Sarlo Airs Concerns About Nuclear Subsidies at Budget Committee Hearing
BPU president Mroz favors regional approach to problem, rather than a state-by-state solution
The chairman of the Senate Budget Committee expressed misgivings yesterday about handing out subsidies to help struggling nuclear power plants, an issue that has been quietly percolating in the State House for months.
In a routine budget hearing, Sen. Paul Sarlo (D-Bergen) raised the topic in questioning New Jersey Board of Public Utilities president Richard Mroz, while noting that a steep drop in natural-gas prices is affecting the viability of coal and nuclear power plants.
The state ought to be concerned about the nuclear plants, Sarlo said, noting they account for 97 percent of the pollution-free electricity generated in New Jersey. New York and Illinois have awarded subsidies to aid fiscally strapped nuclear units there.
“Some states are knocking on the door of the treasurer’s office. Have you had any discussion with the treasury about subsidies for the nuclear industry, which is problematic, I believe?’’ Sarlo asked.
Mroz acknowledged he has discussed the issue with the industry, but denied awareness of any proposal to give out subsidies to nuclear plants.
A top priority
The issue has become the top priority for Public Service Enterprise Group, the owner of PSEG Power, the operator of three nuclear units in South Jersey. Its top executive hasthe units may close in the future if they turn unprofitable, a prospect facing other nuclear plants around the nation.
PSEG’s CEO and president Ralph Izzo said theof nuclear as a carbon-free and reliable source of electricity is not being reflected in its price. Should the plants close, it would lead to steep increases in electricity prices for consumers and business, Izzo said.
The idea of subsidizing the plants isby consumer advocates, business interests, and others who say the company has failed to demonstrate the units are not profitable. They also question why ratepayers, who paid nearly $3 billion in stranded costs for the company’s power plants after the state deregulated energy markets, should be asked once again to subsidize the nuclear units.
How to retain nuclear power in a rapidly changing competitive marketplace is a question being debated in state capitals; at the PJM Interconnection, the operator of the regional power grid; and at the Federal Energy Regulatory Commission in Washington, D.C.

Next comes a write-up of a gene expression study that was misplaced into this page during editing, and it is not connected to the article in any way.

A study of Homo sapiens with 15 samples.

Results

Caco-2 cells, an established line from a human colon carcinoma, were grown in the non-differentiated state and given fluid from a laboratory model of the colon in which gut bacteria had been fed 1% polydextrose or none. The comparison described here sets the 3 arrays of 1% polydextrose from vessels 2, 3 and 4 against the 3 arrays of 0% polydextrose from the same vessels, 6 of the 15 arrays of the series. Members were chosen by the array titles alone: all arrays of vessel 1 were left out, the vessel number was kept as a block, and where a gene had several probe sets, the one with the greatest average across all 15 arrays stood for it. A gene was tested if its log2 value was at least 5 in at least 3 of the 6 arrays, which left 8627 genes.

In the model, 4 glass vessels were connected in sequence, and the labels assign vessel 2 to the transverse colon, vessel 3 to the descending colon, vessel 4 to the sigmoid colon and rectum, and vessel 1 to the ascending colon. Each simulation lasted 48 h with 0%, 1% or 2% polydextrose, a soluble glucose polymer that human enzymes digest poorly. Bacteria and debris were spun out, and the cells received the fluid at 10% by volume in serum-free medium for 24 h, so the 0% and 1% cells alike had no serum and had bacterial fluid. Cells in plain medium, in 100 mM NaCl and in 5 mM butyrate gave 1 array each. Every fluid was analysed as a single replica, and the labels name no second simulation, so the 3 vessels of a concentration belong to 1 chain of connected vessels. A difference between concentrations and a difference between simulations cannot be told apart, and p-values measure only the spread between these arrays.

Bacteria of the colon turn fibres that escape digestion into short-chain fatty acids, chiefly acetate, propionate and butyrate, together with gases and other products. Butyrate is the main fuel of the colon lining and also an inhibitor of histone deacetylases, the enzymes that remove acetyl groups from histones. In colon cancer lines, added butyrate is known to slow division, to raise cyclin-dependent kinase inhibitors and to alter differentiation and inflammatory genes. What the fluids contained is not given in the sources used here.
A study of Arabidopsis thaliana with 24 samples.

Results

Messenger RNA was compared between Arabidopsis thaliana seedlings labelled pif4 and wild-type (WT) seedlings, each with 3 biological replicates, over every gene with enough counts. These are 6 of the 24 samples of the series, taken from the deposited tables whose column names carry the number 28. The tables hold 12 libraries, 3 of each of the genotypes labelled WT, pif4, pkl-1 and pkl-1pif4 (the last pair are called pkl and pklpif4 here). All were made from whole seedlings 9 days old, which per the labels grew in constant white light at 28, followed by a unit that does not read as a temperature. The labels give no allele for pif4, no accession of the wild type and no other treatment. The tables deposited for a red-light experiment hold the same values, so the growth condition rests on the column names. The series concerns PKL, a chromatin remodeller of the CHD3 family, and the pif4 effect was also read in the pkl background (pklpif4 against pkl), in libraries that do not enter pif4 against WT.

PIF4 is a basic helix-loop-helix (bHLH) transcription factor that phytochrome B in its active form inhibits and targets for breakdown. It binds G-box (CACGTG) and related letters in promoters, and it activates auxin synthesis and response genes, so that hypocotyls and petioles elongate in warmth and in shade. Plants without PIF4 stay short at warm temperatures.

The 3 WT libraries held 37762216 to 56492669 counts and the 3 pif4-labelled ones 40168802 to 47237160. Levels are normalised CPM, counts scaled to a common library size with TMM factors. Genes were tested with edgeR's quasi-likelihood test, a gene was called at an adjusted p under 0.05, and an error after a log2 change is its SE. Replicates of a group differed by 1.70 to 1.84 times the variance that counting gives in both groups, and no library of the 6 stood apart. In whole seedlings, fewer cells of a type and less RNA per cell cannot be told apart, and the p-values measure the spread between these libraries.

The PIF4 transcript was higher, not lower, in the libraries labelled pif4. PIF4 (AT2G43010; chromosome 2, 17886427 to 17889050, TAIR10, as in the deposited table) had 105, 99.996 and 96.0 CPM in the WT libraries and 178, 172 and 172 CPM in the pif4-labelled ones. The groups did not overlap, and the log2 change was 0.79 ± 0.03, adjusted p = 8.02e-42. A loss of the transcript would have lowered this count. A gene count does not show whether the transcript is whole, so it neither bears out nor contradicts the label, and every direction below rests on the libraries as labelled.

In his comments, Mroz seemed to favor a regional approach to solving the problem, rather than that taken by New York and other states. In New York, consumers will pay about a half-billion dollars more a year to help keep nuclear units afloat upstate.
Nuclear energy accounts for 45 percent of the electricity in New Jersey, Mroz noted. “It’s a big asset, a critical asset,’’ he said. “It’s a great asset that I think needs to be considered for full value by the grid operator, PJM.’’
Mroz said he is looking at the potential for a “PJM-driven solution around valuing the generation that comes from nuclear plants.’’
PJM floated a concept paper/straw proposal advancing how nuclear plants could be valued more highly at a conference in Washington, D.C., earlier this month. The paper is at the very beginnings of discussion, according to Andy Ott, president and CEO of PJM.
The paper suggests a carbon-pricing framework to establish a price-per-ton of carbon emissions by suppliers emitting the pollutant, a means of improving the relative competitiveness of resources that do not emit carbon (nuclear). The framework could operate on a regional or subregional basis, according to the paper.
The advantage of a regional solution is it would be cheaper and more effective than a single-state approach, Ott said.
Ideally, PSEG would favor a solution negotiated at a federal or regional level, according to Michael Jennings, a spokesman for the company. Nevertheless, it believes any immediate solution would have to come at the state level, he said.
“If we wait for stakeholders and policymakers to reach consensus on a regional or federal solution, it will most likely arrive too late for many of the nation’s nuclear plants,’’ Jennings said.
Ott acknowledged a regional consensus would take at least two years to reach.